Bobby Godsell – Establishment of a Commission on Executive Pay

Johannesburg – Former Chamber of Mines president Bobby Godsell announced more recently that South Africa should consider establishing a commission on executive pay, to ally with a similar initiative in the United Kingdom

Those familiar with the executive remuneration principles as espoused in the King Report on Governance for South Africa 2009 will however, argue that South African companies are at the forefront of international best practice in this regard. A further comparison between the King III principles on executive remuneration and those of the UK Combined Code would certainly attest thereto. Why then the call to mirror the UK endeavour in terms of establishing a commission on executive pay?

There is a growing perception that King III does not go far enough in terms of defining best practice with respect to companies in the financial services sector. In response to shortcomings identified in the wake of corporate failures in this sector duly precipitated by the global economic downturn, regulators across the world have been issuing codes of best practice espousing best practice principles in this area.

In August 2009, for example, the FSA in the United Kingdom became the first regulator to publish a formal code of practice on remuneration for the executives of financial services companies. We believe that it is only a matter of time before a similar code is published in South Africa and more so against the backdrop of the CSA executive remuneration scandal and all three major global ratings agencies having downgraded their outlook for South Africa, saying President Jacob Zuma’s government is on the wrong track with graft, a wide budget deficit and a poor education system clouding the future.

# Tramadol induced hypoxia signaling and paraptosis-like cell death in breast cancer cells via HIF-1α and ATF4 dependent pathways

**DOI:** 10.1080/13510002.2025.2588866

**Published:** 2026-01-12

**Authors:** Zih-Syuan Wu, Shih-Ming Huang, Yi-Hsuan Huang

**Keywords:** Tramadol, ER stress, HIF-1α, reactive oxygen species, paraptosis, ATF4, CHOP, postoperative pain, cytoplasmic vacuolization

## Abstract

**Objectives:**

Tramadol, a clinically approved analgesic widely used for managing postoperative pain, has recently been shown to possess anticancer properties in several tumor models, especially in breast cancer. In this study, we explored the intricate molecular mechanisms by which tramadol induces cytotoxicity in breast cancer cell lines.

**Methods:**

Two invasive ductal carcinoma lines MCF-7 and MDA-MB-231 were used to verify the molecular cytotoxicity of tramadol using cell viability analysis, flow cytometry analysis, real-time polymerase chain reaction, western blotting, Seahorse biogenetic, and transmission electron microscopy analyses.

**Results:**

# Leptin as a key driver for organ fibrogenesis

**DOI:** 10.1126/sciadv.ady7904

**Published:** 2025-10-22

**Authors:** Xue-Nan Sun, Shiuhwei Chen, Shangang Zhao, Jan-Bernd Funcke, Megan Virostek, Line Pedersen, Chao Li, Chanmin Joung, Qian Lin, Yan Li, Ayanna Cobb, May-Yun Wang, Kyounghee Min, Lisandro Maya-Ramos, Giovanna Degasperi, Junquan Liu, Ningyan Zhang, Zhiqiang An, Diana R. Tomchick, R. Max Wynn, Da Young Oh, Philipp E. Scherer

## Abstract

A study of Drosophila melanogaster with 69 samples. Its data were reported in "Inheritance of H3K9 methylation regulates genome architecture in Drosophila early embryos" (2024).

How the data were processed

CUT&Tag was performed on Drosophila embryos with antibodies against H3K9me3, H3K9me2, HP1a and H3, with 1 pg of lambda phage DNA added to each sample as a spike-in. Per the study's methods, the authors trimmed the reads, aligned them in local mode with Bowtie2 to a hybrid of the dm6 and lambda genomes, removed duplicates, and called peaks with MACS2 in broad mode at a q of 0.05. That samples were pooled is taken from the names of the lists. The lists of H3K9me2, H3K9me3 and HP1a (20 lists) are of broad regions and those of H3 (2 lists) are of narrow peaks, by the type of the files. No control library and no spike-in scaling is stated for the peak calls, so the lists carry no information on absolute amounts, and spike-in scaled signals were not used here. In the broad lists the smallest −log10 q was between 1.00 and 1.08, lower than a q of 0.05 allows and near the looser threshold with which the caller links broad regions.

The UK commission on executive pay was an independent body established to research executive pay. Its recommendations included executives being paid basic salaries with one additional performance-related element, and that the top 10 highest executive salaries in each company be published. The commission also recommended that employees have representation on executive remuneration committees, and that shareholders cast “forward-looking” advisory votes on executive salaries which are binding for three years.

These themes are echoed in King Report on Corporate Governance for South Africa 2009 and three general principles in respect of the remuneration of directors and senior executives are set out:

  • Companies should remunerate directors and executives fairly and responsibly
  • Companies should disclose the remuneration of each individual director and certain senior executives
  • Shareholders should approve the company’s remuneration policy.

Where then do the fundamental differences between the King III principles and the commission’s findings lie? The commission’s findings are certainly more definitive with regard to the mix of executive pay while the King III report has opted to provide a broader principle which states that all fixed pay should relate to the contribution of the individual with variable pay relating to performance against yearly objectives. The same can be said for the finding as it relates to the membership of the remuneration committee. As for the disclosure of salaries and the approval of the remuneration policy there is alignment which once again attests to the consistency strived for by King III between local and international governance when formulating its code.